Men produce millions of fresh new sperm each day. But like women, their fertility declines with age.

Though men never stop producing sperm, they do see a decline in semen parameters (count, morphology, and motility) as they age. This can affect their ability to father healthy children. It may also cause infertility.

Ejaculation

While stories of men fathering children well into their 90s might make you believe that male fertility is everlasting, the truth is that sperm counts and motility decline with age. The good news is that there are ways to improve sperm health and increase fertility, including healthy eating habits, regular exercise, and herbal supplements. However, a man’s natural fertility declines gradually with age, and this can contribute to lower pregnancy rates and a higher risk of adverse pregnancy outcomes.

The human body makes sperm in the 2 testicles (also called the scrotum), a sac of skin that hangs below the penis. The sperm leaves the testicles, and moves to the prostate gland and the ejaculatory tubes called the vas deferens (VAS-def-er-enz) that connect with the seminal vesicles to form semen. When a man orgasms, muscle contractions force semen out of the penis and into the urethra. The sperm mixes with the seminal fluid to form ejaculate, which is then pushed into the female’s vagina during sexual contact.

A man’s first ejaculation typically happens around the time of puberty, which begins at different times for each individual. Typically, the first ejaculation happens through masturbation or a wet dream, and is accompanied by pleasure. During this first ejaculation, the volume of the semen is small and clear, and it has a jellylike consistency.


Men don’t stop producing sperm throughout their lives, but sperm count decreases with age. This is because the quality of sperm declines as you get older. You may also produce fewer healthy sperm, and this can lead to a lower chance of getting pregnant. This is because of reduced sperm motility and semen volume, which can cause fertility problems.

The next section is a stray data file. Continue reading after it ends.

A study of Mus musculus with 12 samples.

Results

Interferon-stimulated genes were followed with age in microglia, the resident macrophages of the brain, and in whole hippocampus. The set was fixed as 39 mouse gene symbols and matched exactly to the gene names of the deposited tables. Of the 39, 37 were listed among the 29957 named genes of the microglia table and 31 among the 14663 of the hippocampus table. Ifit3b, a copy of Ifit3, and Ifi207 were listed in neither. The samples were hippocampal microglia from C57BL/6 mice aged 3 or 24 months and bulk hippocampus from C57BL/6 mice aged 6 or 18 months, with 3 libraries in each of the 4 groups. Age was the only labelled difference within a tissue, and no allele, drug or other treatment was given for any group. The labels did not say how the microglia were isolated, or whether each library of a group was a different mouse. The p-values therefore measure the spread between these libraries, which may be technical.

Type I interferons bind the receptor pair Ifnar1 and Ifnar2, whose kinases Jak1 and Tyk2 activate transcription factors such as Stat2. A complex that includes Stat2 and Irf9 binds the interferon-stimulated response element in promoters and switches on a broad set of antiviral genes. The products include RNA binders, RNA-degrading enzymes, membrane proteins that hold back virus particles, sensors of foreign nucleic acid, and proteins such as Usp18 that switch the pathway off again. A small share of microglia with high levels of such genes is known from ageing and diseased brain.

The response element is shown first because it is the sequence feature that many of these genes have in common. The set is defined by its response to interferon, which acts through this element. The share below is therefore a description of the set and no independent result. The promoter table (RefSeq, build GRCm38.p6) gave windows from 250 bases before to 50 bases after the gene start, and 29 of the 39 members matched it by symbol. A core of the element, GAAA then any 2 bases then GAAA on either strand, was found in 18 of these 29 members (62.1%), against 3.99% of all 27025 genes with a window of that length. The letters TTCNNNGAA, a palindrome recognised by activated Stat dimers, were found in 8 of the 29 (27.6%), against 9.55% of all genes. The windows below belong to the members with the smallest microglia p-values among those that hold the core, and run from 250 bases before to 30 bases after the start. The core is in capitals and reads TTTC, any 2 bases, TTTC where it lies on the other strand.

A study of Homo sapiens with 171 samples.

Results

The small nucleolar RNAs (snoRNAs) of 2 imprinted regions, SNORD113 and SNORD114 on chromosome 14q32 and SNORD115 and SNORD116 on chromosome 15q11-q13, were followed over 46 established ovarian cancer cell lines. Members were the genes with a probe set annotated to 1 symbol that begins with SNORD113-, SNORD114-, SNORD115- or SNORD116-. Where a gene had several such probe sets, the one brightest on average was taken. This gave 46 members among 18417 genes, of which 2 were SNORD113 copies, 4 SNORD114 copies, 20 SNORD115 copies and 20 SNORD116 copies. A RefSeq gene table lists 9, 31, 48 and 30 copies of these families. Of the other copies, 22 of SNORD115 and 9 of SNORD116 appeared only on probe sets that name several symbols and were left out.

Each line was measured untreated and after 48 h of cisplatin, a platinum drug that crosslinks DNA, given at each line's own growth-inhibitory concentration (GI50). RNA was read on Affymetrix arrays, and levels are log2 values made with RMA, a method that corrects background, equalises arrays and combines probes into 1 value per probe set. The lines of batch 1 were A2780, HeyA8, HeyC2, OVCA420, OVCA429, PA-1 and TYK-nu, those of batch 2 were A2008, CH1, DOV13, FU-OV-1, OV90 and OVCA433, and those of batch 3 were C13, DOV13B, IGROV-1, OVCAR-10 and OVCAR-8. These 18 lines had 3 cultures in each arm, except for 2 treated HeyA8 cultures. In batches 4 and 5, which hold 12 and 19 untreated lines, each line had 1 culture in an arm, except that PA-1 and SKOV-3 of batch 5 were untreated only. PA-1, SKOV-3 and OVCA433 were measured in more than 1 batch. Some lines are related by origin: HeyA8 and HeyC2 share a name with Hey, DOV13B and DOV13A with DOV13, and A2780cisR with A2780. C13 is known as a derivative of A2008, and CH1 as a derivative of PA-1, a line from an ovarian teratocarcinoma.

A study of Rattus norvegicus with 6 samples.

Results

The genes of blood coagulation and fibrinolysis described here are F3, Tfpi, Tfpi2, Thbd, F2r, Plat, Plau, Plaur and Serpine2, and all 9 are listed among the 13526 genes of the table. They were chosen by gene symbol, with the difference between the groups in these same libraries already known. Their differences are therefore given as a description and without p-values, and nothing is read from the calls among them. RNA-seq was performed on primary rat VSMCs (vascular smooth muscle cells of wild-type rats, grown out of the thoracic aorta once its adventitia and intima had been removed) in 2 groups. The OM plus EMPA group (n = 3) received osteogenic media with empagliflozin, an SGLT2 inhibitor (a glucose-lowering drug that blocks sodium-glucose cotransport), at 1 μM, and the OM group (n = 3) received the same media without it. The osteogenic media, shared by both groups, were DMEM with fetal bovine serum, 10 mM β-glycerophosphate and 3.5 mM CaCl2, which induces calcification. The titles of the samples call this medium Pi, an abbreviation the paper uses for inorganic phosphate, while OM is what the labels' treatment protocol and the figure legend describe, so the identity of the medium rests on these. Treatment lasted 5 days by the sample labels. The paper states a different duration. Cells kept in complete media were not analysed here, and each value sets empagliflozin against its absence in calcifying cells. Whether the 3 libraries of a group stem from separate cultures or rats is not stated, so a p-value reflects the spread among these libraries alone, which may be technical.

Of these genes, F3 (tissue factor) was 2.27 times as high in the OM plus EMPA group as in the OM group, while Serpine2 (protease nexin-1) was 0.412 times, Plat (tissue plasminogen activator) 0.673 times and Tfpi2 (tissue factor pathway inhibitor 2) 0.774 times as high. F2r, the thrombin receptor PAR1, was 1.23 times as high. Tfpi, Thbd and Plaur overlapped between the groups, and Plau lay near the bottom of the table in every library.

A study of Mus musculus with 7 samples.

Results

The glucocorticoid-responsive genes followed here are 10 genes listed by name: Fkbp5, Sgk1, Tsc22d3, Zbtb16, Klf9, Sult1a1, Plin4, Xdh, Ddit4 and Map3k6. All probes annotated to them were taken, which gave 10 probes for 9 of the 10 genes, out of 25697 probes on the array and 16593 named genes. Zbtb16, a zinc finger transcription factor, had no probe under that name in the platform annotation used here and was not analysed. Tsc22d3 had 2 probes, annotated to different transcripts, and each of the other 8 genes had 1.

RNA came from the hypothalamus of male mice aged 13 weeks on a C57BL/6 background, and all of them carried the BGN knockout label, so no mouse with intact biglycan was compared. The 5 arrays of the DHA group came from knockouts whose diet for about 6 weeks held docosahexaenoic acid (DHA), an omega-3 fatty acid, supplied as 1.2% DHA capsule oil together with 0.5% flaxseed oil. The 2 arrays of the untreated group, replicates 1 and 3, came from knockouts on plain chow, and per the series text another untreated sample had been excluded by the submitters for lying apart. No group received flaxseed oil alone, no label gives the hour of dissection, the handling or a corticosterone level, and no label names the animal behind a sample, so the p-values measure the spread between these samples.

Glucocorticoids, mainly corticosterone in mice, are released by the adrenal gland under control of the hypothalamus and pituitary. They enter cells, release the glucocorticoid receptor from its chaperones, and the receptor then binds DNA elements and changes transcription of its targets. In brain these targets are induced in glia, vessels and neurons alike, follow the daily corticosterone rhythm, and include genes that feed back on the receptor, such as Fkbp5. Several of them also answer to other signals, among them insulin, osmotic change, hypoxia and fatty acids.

Sperm production requires normal functioning of the testicles and the hypothalamus and pituitary glands, which produce hormones to trigger sperm production. Once sperm is produced, delicate tubes transport it until it mixes with semen and is ejaculated from the penis. This process can be disrupted by various health conditions. In some cases, the problem is not identified until it’s too late.

A doctor can determine if your sperm count is low by testing a sample of your semen. The doctor will look for the number of sperm per milliliter of semen and the rate at which they move. A normal sperm count should be at least 15 million sperm per milliliter of semen. You can also check your sperm morphology, which measures the shape and structure of your sperm. A low sperm morphology measurement is often due to genetic mutations that damage the DNA of your sperm.


Sperm motility

While stories of men fathering children well into their 90s may lead you to believe that male fertility rates remain unchanged, the truth is that sperm motility decreases gradually with age. Sperm motility refers to how well a sperm swims, and low-motility sperm can have problems fertilizing eggs. There are many causes of low sperm motility, and some of them can be corrected through lifestyle changes.

The most common way to test sperm motility is through a semen analysis. This test involves a sample of your semen that is evaluated by a human or computer to determine the percentage of sperm that moves progressively forward. This test also evaluates the sperm’s shape and morphology. In order to obtain a good quality sample, you should abstain from sexual activity for two to seven days before the test.

Other factors that affect sperm motility include smoking, excessive alcohol consumption, and heat exposure. Wearing tight underwear, spending extended periods of time in saunas and hot tubs, or sitting in front of a computer or laptop can all cause excess heat that can damage sperm. Medications such as high doses of acetaminophen (Paracetamol) and lansoprazole can also reduce sperm motility by depressing the Na+-K+-ATPase activity. Fortunately, many of these problems can be overcome with some simple lifestyle modifications and careful attention to diet.


Men can produce sperm throughout their lives, but the quality of these sperm cells can decrease with age. A man’s fertility also changes depending on his overall health, as well as the foods he eats and the medications he takes. Even a minor medical condition such as varicoceles can affect sperm production. Men with low sperm morphology are less likely to conceive naturally, but fertility treatments like IVF can help.

The sperm morphology test measures the shape of a man’s sperm, and it can be a useful tool for couples trying to conceive. It focuses on the head, neck, and tail of a sperm cell. A sperm’s head carries the genetic information that can fertilize an egg, while its neck and tail help it swim to an egg. A normal sperm has a smooth, oval-shaped head, a slender neck that extends from the head, and a single tail that’s thinner than the neck.

Male fertility declines with age, but it does so gradually and many men are able to father children into their 80s and 90s. A man’s fertility is also impacted by how often he has sex, as frequent sex creates healthier sperm. A man’s semen quality usually peaks between the ages of 30 and 35. Having healthy sperm is vital for fertility, and some physicians recommend freezing a man’s sperm at an earlier age so that they can be used later to conceive.